Obituaries for July 20


‘Architect of Montreal’s Jewish community’ dies at 101

MONTREAL — Manuel (Manny) Batshaw, the first Jew to earn an honorary doctoral degree from McGill University and a leader of Montreal’s Jewish community, died at the age of 101.

Batshaw, who died on July 18, was considered “the architect of Montreal’s Jewish community” for his work, from 1968 on, in structuring some of the community’s main institutions and was known as a discreet community “fixer.”

The institutions Batshaw worked with include the Jewish Federation-CJA and its network of social service agencies, where he served for 12 years as executive director, and Jewish schools.

A social worker by training, in 1975 Batshaw issued an exhaustive report on child abuse that set the stage for Quebec to establish such institutions as the Batshaw Youth and Family Services Centre and legislation including the Youth Protection Act.

For years Batshaw served as adviser to his friend, community leader and Seagram’s liquor magnate Charles Bronfman. After retiring from official community life, Batshaw became Bronfman’s director of Jewish affairs.
Batshaw continued performing volunteer community work as a fundraiser well into his 90s.

—JTA News and Features

Jewish woman dies  of injuries sustained in Nice attack

An elderly Jewish woman who was badly injured in the terror attack in Nice, France, has died of her injuries.
Raymonde Mamane, 77, died July 17 at a local hospital, the French Jewish newspaper Actualite Juive reported Monday.

At press time, her sister, Clara Bensimon, 80, remained unconscious in the same hospital, where both of her legs reportedly were amputated.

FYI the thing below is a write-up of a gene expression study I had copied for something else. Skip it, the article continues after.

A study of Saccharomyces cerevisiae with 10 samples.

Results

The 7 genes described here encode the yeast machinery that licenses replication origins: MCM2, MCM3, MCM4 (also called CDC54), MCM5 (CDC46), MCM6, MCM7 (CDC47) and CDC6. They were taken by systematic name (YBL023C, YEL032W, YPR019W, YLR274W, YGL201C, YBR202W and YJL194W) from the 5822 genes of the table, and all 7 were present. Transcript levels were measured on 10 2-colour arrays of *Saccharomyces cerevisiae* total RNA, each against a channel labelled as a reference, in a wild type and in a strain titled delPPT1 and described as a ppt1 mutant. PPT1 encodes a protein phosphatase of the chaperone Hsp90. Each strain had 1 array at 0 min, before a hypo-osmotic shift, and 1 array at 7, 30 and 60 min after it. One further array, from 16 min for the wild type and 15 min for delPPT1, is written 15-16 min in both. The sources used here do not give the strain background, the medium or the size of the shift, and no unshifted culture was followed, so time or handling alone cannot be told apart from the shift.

Mamane is reported to be the first Jewish fatality in the attack.
The women were on the Promenade des Anglais watching the July 14 fireworks in a Bastille Day celebration when they were mowed down by a truck driven by French-Tunisian citizen, Mohamed Lahouaiej Bouhlel. At least 85 people were killed and more than 300 injured. The Islamic State terrorist group has claimed responsibility for the attack and said Bouhlel was its operative. Bouhlel, who was shot dead by police, had a criminal record involving violence but not terrorism.

At least five local Jews were injured in the attack, according to the local Chabad-Lubavitch emissary, Yossef Yitzschok Pinson.

—JTA News and Features

Kenneth Kramm

Kenneth Kramm of Washington, D.C., died July 12. He was the beloved husband of Shelley Kramm; devoted father of Sarah (Bryan) Spund and Hadley Kramm; cherished son of Harold and Judith Kramm; loving brother of Harriett Pitler. Contributions may be made to Best Buddies of Maryland or the Washington Animal Rescue League.

Arrangements by Sagel Bloomfield Danzansky Goldberg Funeral Care Inc.